Judicial Complaints Commission, incompetence and constitutional court

Judicial Complaints Commission, incompetence and constitutional court

According to the Oxford Dictionary, ‘Incompetence’ is the ‘Inability to do something successfully; ineptitude’. The Longman dictionary defines incompetence as ‘lack of the ability or skill to do a job properly.’ Note that, to be incompetent, it does not matter how many times you fail to do the job successfully. One single act of failure can render you incompetent especially if the job you have failed to do is very important and you are supposedly qualified for it, on paper.

Now, the Judicial Complaints Commission says a single act of inconsistence by the Constitutional Court did not amount to incompetence.

We find this reasoning by the JCC to be illogical. Let us look at what exactly what this single act of inconsistence by the Constitutional Court is.

No need to bore you with details of the presidential petition as the whole country followed that case. Suffice to say that the most important issue in that matter was the interpretation of the 14 days in which the petition ought to have been heard. Indeed, it was the 14 days that determined the fate of the petition. The petitioners did not present their evidence in court because the court said that the time (14 days) in which they should have done so lapsed, expired. This is more like in a soccer match. You can only play within the stipulated time.

But the Judicial Complaints Commission, a government organ that is supposed to enforce the code of conduct of judges and magistrates says the Constitutional Court failed to properly interpret the 14 days. The Judicial Complaints Commission found that the court deprived the petitioners four days from the 14 days. In short, the court only sat for 10 days instead of 14 days to the detriment of the petitioners but certainly to the advantage of the respondents.  It’s like a referee in a soccer match blowing the final whistle in the 60th not the 90th minute. There can be deadly riots.

This is the single act of inconsistency that the Judicial Complaints Commission says does not amount to incompetence. We wonder what would amount to incompetence to the Judicial Complaints Commission. Like stated already and as everyone knows, time computation was the most important factor in this case. Time was of essence. The petition was to be won or lost depending on how the court computed time. And for sure, once the court counted the days wrongly, the petition was determined in favour of the respondents.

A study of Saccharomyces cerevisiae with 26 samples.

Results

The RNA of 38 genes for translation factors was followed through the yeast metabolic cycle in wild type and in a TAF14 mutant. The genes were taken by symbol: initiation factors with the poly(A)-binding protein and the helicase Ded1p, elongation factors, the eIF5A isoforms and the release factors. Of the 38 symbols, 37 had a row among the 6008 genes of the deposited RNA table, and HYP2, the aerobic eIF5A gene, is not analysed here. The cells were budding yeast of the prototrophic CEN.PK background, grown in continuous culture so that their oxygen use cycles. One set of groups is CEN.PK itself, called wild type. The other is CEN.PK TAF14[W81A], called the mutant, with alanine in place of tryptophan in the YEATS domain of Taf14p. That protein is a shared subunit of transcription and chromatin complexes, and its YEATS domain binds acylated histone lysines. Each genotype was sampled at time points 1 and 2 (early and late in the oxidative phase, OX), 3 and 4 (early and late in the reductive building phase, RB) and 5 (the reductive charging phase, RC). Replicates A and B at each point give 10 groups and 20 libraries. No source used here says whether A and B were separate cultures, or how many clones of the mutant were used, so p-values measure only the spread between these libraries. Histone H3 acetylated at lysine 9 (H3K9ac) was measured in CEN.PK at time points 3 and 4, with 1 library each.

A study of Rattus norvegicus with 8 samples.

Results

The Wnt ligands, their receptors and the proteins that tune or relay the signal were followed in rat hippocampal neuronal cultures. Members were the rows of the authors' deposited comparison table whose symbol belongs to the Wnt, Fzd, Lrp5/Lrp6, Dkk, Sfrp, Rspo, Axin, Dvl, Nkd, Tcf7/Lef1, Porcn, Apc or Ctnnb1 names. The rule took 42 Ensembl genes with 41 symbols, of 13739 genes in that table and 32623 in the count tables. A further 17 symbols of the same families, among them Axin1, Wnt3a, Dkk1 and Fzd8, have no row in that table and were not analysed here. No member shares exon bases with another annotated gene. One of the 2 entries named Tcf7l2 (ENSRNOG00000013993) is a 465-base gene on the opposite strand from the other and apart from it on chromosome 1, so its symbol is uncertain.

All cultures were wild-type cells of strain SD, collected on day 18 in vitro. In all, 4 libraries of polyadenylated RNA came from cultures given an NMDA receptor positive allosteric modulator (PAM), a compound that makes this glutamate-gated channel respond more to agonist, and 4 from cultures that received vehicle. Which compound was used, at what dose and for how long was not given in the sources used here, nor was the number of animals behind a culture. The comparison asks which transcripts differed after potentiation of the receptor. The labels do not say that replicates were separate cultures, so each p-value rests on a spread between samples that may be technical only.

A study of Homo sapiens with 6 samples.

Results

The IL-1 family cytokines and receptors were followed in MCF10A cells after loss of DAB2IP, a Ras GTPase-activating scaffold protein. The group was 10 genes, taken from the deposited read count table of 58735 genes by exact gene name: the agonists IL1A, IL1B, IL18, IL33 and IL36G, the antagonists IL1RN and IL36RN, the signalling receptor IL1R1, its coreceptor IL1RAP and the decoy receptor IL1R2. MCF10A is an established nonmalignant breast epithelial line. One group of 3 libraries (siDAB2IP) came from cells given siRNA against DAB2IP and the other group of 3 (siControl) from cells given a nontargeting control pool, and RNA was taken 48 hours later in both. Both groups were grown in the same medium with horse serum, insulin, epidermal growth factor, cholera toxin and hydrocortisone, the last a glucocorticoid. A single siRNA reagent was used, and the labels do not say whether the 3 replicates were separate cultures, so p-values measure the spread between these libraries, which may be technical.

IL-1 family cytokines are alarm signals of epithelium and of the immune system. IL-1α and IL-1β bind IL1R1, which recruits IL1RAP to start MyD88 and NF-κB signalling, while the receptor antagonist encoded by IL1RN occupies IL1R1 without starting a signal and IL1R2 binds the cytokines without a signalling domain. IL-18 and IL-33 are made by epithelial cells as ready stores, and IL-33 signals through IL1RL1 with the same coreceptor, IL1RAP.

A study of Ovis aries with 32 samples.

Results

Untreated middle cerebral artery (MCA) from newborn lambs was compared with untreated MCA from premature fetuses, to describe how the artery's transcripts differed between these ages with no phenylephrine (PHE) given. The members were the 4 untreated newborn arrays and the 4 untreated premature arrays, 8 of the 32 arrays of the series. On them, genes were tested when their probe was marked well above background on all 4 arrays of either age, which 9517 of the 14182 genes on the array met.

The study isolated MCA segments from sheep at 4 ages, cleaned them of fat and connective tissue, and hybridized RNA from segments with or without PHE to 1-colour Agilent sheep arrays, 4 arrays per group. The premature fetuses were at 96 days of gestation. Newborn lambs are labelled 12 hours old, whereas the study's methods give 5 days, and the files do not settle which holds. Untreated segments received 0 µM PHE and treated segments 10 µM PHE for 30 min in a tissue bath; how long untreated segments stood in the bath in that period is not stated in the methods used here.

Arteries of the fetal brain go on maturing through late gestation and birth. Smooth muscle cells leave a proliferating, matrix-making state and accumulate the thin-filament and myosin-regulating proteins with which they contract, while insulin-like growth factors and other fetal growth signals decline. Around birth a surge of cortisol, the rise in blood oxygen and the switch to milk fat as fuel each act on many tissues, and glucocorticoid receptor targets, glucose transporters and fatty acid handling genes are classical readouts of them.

A person or body does not need to make several or various mistakes in order to be incompetent. One grave act with serious ramifications amounts to incompetence. An employee who causes the company to lose money in one act or omission faces instant dismissal. Judges themselves send to jail convicts who murder, rape or steal only once. The fact that the culprit is a first time offender only serves as mitigation but does not absolve the convicted person. It should not be different for judges who make grave inconsistencies that, as in this case, leave the country polarised.  In other countries, such judges would have resigned in shame.

Elias Chipimo, once a respected lawyer but now a political buffoon has been trying to defend the Constitution Court.

Chipimo says:

“The issue that they (JCC) raised however is that, and this is an issue which there could be a debate; they are saying that the 14 days was properly interpreted but there was a concern to them that the petitioners were denied 4 days. This was because including Saturday and Sunday within the 14 days, while it was correct under the constitution, the fact that the court did not actually sit on Saturdays and Sundays did in some way deprive the petitioners to have more time for the petition to be heard,” said Chipimo.

“However, they did not state that that amounted to misconduct. They were just saying that they should have offered themselves to say ‘we will also sit on these days because 14 days’ finishes on the 2nd of September’.”

It is sad that Chipimo is trying to trivialise the fact that 4 days were removed from the 14 days required to hear the petition. Coming from a lawyer, this is regrettable. We don’t think that depriving the petitioners 4 days from 14 days when time was the most crucial element here should be reduced to a mere ‘concern’ or debate. The constitutional court judges were not expected to ‘offer’ themselves to sit on weekends. Since they counted weekends as part of the 14 days, they were obligated to sit on those days. As things stand, the petition was not heard because the court decided to reduce to 10 from 14 days the time the petition was supposed to be heard.  In short, the Constitutional Court owes UPND 4 days. The petition is not closed.

But we do sympathise with the Judicial Complaints Commission. The Judicial Complaints Commission has no real powers to discipline erring judges. It is simply an investigatory body. It can only investigate wrong doing and make recommendations to other entities including the presidency. Now in this case since the so-called president was the suspect, what would you expect him to do after receiving the findings?

The Judicial Complaints Commission should actually be praised for even going to the extent of saying the Constitutional Court was inconsistent. In a country like Zambia where all systems are broken, it is not easy to announce such findings.